Young children with severe speech delays are waiting for months as their parents struggle to get them the help they need. 

It is an Australia-wide problem, according to peak body Speech Pathology Australia, which says there are not enough therapists to cope with the need. 

Chief executive Tim Kittel says the situation is a “perfect storm” of an increased uptake in services due to the National Disability Insurance Scheme, and the aftermath of the COVID-19 pandemic. 

Sophie Pearce’s two sons need speech therapy, but it is almost impossible to get on a waiting list, let alone find an ongoing spot. 

The Melbourne mum finally got her youngest, Max, a recurring appointment after months of trying, only for his therapist to leave the private clinic.

“Max’s sessions are now on hold, which is exceptionally frustrating as we were making fantastic progress,” she said. 

Ms Pearce is now on multiple wait lists to get help for the five-year-old’s severe speech impairment. 

Her older son Harry also needs therapy, something Ms Pearce learned while attending Max’s sessions, but she can’t even find a clinic to assess him. 

“It’s beyond frustrating as I believe it’s impacting his learning,” Ms Pearce told AAP. 

“It’s something that should have been picked up on much earlier, but with kinder and prep interrupted by COVID-19 lockdowns, it’s only now that it’s been identified.”

Fellow mum-of-two Christine Howard has had a similar experience for her two-year-old, William.

Out of five private clinics she contacted, one put her on a waiting list and another offered her a $570 one-hour assessment. 

“I’m very worried if we don’t start speech therapy he could get further delayed,” she said.

Both women said they were relieved they could afford the private system, because the public system would be an even longer wait.

Mr Kittel said because of COVID-19 lockdowns, parents were at home more with their children and had more time to notice that they might be a bit behind. He said more screen time and less interaction with others could also contribute to speech difficulties.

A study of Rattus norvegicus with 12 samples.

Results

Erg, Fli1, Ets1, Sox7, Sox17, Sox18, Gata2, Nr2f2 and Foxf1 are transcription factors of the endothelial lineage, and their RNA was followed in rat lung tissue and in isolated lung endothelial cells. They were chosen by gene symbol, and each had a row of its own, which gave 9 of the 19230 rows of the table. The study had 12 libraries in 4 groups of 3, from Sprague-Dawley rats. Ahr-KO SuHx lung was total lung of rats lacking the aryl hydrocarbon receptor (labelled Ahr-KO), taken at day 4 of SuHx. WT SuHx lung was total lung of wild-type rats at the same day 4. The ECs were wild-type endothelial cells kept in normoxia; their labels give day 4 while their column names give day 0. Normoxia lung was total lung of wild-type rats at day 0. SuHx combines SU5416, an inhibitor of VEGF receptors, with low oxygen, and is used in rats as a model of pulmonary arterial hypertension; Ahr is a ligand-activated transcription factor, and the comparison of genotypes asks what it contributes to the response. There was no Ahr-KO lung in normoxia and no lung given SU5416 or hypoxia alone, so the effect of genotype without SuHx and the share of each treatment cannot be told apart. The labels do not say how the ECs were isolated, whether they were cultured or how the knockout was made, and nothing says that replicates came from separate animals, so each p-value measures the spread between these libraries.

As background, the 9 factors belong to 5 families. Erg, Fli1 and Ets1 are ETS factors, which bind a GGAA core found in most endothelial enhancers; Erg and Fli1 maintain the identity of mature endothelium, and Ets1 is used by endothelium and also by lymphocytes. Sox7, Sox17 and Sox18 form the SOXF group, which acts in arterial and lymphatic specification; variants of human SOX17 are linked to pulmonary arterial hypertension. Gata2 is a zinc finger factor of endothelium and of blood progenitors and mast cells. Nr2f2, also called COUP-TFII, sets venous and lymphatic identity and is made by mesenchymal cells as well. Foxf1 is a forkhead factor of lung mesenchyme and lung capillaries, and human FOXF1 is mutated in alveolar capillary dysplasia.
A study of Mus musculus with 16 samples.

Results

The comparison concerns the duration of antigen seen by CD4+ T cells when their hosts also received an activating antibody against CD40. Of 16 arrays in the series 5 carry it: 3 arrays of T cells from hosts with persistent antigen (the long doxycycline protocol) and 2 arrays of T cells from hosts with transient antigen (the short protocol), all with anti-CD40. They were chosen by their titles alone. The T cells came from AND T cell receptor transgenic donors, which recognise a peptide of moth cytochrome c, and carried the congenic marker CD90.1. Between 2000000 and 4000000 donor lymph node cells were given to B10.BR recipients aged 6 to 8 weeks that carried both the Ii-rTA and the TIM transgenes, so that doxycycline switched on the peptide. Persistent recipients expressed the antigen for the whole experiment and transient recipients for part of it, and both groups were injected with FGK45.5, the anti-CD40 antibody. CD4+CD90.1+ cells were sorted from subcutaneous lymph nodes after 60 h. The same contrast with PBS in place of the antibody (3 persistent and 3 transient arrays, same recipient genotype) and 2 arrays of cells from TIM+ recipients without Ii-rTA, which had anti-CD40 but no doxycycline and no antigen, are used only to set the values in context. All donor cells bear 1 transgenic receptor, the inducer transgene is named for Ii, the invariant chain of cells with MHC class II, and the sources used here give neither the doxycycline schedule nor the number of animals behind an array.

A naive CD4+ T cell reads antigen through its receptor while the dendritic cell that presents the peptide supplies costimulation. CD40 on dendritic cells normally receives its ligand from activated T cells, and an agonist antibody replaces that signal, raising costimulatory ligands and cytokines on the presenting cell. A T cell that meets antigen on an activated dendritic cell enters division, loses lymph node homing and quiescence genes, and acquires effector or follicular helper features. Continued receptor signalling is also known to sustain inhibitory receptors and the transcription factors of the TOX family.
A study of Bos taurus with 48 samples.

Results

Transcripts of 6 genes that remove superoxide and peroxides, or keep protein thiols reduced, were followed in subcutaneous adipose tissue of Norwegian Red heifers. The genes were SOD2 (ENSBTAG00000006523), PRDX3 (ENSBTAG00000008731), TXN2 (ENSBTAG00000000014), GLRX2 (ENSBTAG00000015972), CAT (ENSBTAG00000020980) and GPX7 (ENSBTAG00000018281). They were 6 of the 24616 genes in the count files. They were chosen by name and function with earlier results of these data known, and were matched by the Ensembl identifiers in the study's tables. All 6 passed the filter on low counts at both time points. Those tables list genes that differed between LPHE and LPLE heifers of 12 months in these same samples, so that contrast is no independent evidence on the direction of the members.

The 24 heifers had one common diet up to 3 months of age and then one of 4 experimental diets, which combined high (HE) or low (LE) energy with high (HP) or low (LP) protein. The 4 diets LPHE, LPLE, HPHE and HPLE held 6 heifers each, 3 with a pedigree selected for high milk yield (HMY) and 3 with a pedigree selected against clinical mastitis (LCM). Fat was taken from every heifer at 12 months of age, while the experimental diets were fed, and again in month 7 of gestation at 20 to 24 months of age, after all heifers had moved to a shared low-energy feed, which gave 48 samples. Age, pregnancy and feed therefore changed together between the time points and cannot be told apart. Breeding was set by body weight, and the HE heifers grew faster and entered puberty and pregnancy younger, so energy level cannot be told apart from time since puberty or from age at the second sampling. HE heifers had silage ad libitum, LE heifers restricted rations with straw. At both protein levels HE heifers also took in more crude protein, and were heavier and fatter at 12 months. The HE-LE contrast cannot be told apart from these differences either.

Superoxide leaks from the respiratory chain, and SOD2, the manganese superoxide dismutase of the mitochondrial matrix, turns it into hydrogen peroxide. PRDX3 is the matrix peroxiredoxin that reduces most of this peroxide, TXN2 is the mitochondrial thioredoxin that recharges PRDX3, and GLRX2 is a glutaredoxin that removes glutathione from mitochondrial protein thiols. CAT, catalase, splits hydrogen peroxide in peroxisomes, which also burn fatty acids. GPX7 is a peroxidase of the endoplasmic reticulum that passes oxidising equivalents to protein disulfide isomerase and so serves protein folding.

An increased take-up in speech services thanks to the NDIS is also behind increased demand.

“It’s a perfect storm,” Mr Kittel said. 

He said extra places had opened up at universities across the country, but there was no short-term fix to the specialist shortage.

A recent survey of online job advertisements shows that those jobs alone would have employed 13 per cent of already employed speech therapists. 

Mr Kittel suggested parents should keep trying, even if it meant getting telehealth appointments with a therapist in another city or state, or look to clinics near universities.

He said parents and carers should keep trying, because they would eventually be able to see someone.

A spokesperson for the National Disability Insurance Agency said they were working with the Department of Social Services, the NDIS Quality and Safeguards Commission, professional associations as well as state and territory authorities to address supply gaps in disability-related supports.

The NDIS supports more than 530,000 Australians, with more than 297,000 receiving disability-related supports for the first time.

A Department of Social Services spokesperson said the government has committed to the delivery of an NDIS workforce strategy to address workforce and skills gaps, reduce high turnover of staff, and focus on wellbeing and conditions.